WACO, Texas — The COVID-19 pandemic has impacted everyone’s health both physically and mentally and it has done so in different ways.
“Since the pandemic we’ve seen droves, especially of adolescents, coming in and suffering,” said Kat Geiger, the founder of Thrive Wellness in Waco.
President Joe Biden and The White House officially proclaimed this week as National Eating Disorders Awareness Week in hopes of drawing attention to an increasing pandemic of its own, calling eating disorders “one of the most serious mental health conditions impacting the lives of Americans and their families today.
According to the proclamation, the pandemic has been a challenge for those with have an eating disorder and said hotlines have seen a more than 70-percent spike in the volume of calls since the beginning of the pandemic. Hospitalizations are also up, having doubled in that same timeframe.
“Eating disorders are very isolative struggles, we don’t talk about them, even when somebody presents to a therapist anxiety or depression or an adjustment struggle, like being in college for the first time,” Geiger said. “it’s just unlikely unless you’re really looking for it that you’re going identify that this person has an eating disorder.”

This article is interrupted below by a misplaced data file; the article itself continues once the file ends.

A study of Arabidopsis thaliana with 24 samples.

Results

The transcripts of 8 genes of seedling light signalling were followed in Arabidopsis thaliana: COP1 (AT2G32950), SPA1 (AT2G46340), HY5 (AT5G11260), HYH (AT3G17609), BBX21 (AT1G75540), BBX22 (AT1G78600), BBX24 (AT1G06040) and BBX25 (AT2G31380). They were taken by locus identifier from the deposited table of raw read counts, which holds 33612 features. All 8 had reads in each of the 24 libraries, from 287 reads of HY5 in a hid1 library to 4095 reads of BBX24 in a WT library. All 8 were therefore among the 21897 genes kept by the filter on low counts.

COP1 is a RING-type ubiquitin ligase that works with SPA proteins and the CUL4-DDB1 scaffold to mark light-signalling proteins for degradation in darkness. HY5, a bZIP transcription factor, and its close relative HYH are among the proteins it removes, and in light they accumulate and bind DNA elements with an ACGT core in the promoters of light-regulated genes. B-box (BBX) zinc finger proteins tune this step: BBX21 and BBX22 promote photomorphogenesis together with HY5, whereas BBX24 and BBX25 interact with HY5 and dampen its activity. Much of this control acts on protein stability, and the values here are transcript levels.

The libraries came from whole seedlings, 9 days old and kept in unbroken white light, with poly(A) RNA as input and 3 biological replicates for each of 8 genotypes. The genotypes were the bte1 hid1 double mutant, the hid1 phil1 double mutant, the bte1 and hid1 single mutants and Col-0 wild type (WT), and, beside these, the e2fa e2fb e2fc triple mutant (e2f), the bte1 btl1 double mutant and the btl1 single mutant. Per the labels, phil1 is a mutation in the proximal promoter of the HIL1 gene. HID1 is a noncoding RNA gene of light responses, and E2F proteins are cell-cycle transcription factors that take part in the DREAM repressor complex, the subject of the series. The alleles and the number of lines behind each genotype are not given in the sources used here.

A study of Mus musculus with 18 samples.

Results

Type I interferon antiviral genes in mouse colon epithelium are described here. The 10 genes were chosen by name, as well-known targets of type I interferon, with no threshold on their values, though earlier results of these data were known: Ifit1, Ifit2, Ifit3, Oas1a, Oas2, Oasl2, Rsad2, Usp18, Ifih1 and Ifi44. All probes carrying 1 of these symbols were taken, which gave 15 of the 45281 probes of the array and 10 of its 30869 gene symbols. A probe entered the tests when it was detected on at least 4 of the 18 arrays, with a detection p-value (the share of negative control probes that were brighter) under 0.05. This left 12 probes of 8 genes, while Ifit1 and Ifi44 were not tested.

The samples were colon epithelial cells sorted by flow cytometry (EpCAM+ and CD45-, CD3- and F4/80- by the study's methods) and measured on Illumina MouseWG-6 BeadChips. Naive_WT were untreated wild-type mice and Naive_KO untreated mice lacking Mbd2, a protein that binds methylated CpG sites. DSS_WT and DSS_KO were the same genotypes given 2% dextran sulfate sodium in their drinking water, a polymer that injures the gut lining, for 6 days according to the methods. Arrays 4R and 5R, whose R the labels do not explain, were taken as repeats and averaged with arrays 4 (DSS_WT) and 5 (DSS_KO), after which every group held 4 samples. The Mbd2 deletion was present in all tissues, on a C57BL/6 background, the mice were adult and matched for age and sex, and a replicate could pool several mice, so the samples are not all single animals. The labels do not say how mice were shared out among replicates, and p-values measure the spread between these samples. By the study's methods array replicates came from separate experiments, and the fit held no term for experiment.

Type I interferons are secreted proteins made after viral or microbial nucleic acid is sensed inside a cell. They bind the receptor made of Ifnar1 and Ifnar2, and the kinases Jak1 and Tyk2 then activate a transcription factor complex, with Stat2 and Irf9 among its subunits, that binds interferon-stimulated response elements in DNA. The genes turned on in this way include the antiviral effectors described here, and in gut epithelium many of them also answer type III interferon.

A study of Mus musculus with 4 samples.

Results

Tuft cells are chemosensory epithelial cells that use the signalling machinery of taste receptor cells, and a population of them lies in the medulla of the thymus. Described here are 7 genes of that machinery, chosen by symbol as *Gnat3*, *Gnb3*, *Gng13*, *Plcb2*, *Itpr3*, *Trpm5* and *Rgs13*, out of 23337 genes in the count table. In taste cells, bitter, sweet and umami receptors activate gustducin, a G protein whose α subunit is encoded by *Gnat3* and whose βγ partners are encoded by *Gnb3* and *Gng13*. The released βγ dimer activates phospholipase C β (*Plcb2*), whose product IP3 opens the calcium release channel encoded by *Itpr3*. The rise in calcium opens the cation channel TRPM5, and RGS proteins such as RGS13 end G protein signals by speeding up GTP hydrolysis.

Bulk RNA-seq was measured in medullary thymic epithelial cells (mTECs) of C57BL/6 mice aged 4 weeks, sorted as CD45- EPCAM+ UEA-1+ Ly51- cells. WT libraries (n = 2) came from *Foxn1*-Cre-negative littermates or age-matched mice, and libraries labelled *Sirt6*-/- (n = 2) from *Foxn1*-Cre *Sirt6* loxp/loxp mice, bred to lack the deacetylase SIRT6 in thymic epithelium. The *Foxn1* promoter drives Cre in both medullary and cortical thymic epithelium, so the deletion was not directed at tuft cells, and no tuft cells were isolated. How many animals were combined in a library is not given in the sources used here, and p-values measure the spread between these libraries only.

Geiger, an Eating Disorder Specialist, said 10-percent of the general population has an issue with an eating disorder.
“Out of every ten people you meet or see today when you walk around or go to H-E-B, you are seeing people that have eating disorders that are actively suffering,” she said.
Geiger admitted that, as a society, we inadvertently push and support eating disorder behavior by pushing for diets.
“Stop moralizing food. Stop saying “look at you being so good having that salad,” stop saying “you’ve been bad today because you had a cookie,” Geiger explained. “Stop moralizing a specific body shape.”
“It’s so hard on our bodies when we do that. We see liver enzymes go up. When we lose a tremendous amount of weight we can see our white blood cell count go down and that’s not great in the time of Covid. So, it can really cause a lot of physiological harm that yo-yo diet cycle.”
Geiger said that it will take all of us to help those who need it the most and have suffered in silence for so long. She said learning how to and then creating a healthy relationship with food is imperative.
“Embrace intuitive eating. Listen to your body, eat when you’re hungry, stop when your full and trust that your body is going to tell you the types of foods that you need,” she said.
If you or someone you know is struggling with an eating disorder, please all the National Eating Disorder Association at (800) 931-2237. If you want to contact Thrive Wellness Waco, you can do so at (254) 327-1408, (254) 300-7032 or e-mail them by clicking here.